Paris police headquarters stabbing
|Paris police headquarters stabbing|
|Part of Islamic terrorism in Europe|
Map of Île de la Cité
|Date||3 October 2019 |
c. 1:00 p.m.
|Deaths||5 (including the attacker)|
|Motive||Jihadism (Islamic terrorism)|
On 3 October 2019, a police employee at the Paris police headquarters stabbed four of his colleagues to death and injured two others. He was shot dead by police at the scene.
During the early afternoon on 3 October 2019, a police employee stabbed six colleagues at the Prefecture of Police on the Île de la Cité in central Paris, killing three police officers and one member of the support staff as well as injuring two others. Police opened fire, killing the attacker in the building's main courtyard. The attack came a day after police went on strike across France over increasing violence towards officers.
The attacker was reported as being 45-year-old Mickaël Harpon, an IT specialist who worked in the intelligence unit of the police headquarters for the last 16 years and held a military secrecy security clearance, giving him access to restricted information like the watchlist of terror suspects, addresses of police officers and data on French citizens and their families who had returned after they fought in the Syrian Civil War. He was born in Fort-de-France in the Caribbean overseas department of Martinique in 1974, and had been deaf since childhood. The murder weapon was a ceramic knife of a type undetectable by metal scanners.
Initial reports suggested a workplace dispute was the motive. The day after the attack, a counter-terrorism investigation was opened, looking into whether the attacker was a radicalised Islamist and the possibility that he may have been in contact with or received support from any terrorist groups. The perpetrator had converted to Islam; according to Paris prosecutor Jean-François Ricard his conversion to Islam took place a decade prior. He attended mosque rituals twice a day. Colleagues had reported Harpon in 2015 for voicing support for the attack on Charlie Hebdo; nothing was done.
The counter-terrorism head said that the attacker had radical and extremist religious views, that started when he justified some violent acts with an Islamist background, stopped wearing Western clothes and to not talking to other women excluding those of his family. Ties between Harpon and Salafist men were also confirmed. Before starting the attack, Harpon talked with his wife, and they exchanged a total of 33 messages. Among those, Harpon wrote "Allah Akbar" and "Follow our much-loved Prophet Muhammad, and meditate on the Quran".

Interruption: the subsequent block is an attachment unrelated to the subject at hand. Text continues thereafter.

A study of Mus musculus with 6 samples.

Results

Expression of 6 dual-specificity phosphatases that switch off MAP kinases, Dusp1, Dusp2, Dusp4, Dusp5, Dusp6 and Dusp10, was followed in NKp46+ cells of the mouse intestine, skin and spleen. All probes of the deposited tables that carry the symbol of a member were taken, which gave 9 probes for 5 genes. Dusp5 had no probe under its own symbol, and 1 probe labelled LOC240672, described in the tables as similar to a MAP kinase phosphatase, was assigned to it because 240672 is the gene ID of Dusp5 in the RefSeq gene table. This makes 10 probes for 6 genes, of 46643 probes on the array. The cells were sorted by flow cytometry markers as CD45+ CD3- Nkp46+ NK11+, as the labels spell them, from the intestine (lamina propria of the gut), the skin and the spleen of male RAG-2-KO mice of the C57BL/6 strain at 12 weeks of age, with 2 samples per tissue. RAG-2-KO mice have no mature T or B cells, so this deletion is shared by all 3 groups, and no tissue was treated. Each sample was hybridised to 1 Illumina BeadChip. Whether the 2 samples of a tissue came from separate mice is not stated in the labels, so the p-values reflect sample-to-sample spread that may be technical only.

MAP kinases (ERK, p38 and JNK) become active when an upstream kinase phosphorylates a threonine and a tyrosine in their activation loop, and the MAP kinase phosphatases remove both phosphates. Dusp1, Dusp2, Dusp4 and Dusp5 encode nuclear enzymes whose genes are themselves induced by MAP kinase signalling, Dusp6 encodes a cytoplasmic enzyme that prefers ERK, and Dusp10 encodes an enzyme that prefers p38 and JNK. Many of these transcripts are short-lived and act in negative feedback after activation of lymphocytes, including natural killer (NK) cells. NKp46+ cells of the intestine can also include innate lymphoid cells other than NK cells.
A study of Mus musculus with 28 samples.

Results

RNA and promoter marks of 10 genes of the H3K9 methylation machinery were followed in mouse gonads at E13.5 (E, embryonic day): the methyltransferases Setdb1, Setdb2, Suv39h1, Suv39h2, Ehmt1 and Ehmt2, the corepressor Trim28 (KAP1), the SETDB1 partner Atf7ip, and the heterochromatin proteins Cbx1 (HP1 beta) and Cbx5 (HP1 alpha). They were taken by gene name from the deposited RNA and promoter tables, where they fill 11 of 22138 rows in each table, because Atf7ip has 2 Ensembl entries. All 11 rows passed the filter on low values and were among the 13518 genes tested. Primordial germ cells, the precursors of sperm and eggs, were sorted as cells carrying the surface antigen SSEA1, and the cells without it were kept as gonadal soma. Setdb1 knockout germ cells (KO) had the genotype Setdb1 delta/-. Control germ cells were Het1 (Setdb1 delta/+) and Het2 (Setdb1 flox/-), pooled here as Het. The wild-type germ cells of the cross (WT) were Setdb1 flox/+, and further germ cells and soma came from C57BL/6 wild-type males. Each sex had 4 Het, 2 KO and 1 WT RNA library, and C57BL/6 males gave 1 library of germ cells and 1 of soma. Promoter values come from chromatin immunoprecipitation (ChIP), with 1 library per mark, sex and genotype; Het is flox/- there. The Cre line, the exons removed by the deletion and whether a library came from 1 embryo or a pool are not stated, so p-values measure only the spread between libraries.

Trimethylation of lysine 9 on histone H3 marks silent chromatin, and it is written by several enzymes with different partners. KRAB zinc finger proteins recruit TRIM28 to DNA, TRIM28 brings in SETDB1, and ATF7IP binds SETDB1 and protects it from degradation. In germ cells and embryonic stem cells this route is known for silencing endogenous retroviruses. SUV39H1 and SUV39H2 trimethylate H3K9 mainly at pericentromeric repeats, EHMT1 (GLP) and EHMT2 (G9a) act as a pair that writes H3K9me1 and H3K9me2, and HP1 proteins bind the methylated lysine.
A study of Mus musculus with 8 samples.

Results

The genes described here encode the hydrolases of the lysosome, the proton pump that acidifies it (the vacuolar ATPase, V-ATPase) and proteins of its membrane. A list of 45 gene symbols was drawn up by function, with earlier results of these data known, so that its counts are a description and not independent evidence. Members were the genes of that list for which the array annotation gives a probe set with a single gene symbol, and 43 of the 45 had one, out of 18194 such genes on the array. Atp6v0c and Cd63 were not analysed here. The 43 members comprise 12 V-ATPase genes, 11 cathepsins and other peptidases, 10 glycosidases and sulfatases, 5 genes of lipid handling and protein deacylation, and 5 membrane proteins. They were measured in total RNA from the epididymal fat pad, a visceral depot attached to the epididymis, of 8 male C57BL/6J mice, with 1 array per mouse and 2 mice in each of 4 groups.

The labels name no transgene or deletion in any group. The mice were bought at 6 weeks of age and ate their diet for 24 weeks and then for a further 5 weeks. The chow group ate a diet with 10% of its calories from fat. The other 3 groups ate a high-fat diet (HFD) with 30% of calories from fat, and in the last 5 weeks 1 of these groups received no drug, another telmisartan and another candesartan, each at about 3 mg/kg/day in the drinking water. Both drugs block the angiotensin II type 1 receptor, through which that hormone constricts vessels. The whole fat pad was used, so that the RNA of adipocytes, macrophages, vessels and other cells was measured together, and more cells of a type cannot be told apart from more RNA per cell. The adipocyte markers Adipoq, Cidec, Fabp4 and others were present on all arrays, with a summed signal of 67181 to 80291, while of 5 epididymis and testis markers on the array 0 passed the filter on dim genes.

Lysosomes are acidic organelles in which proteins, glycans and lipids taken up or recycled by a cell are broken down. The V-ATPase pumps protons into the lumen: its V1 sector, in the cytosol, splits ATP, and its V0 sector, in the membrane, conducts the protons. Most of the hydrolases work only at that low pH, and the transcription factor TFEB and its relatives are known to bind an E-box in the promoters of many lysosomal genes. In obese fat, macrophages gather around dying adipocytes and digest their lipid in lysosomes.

A USB flash drive was found at Harpon's office: propaganda material from the Islamic State of Iraq and the Levant, including beheading videos, and details of police officers who worked with him were found inside it. Officers investigated possible links with the 2016 Magnanville stabbing, in which two police officers were killed at their home by Larossi Abballa, an Islamist who pledged allegiance to the Islamic State. Investigation of Harpon's computer and phone revealed that he searched the internet for "how to kill infidels" shortly before the attack.
France Inter reported in October 2019 that the investigators suspected that the attack was the result of a suicidal delirium, and that the ISIL videos on the USB drive found at Harpon's office belonged to his coworkers. In February 2020, Le Parisien reported that technical investigation of Harpon's private computer and cellphone confirmed that the attack was terrorist in nature and that sources close to the investigation described a "hybrid profile" of terrorism and psychiatry. Europol classified the attack as jihadist terrorism in their annual EU Terrorism Situation and Trend report (TE-SAT) released in June 2020.
Following the incident, the police headquarters building was visited by President Emmanuel Macron, Prime Minister Édouard Philippe, Interior Minister Christophe Castaner and Paris Mayor Anne Hidalgo. The Île de la Cité was placed under a lockdown and the Cité station of the Paris Métro, located on the island, was closed to passengers. Minister of the Interior Christophe Castaner faced calls to resign, which he rejected.
Castaner received calls for his resignation from numerous prominent politicians from the entire spectrum from the extreme left to the extreme right. Castaner had said in a press conference that the attacker had never shown any conspicuous behaviour. A day after this statement, when it became public that his coworkers had filed a complaint and that there was no investigation, Castaner said there were "malfunctions" that failed to prevent the attack.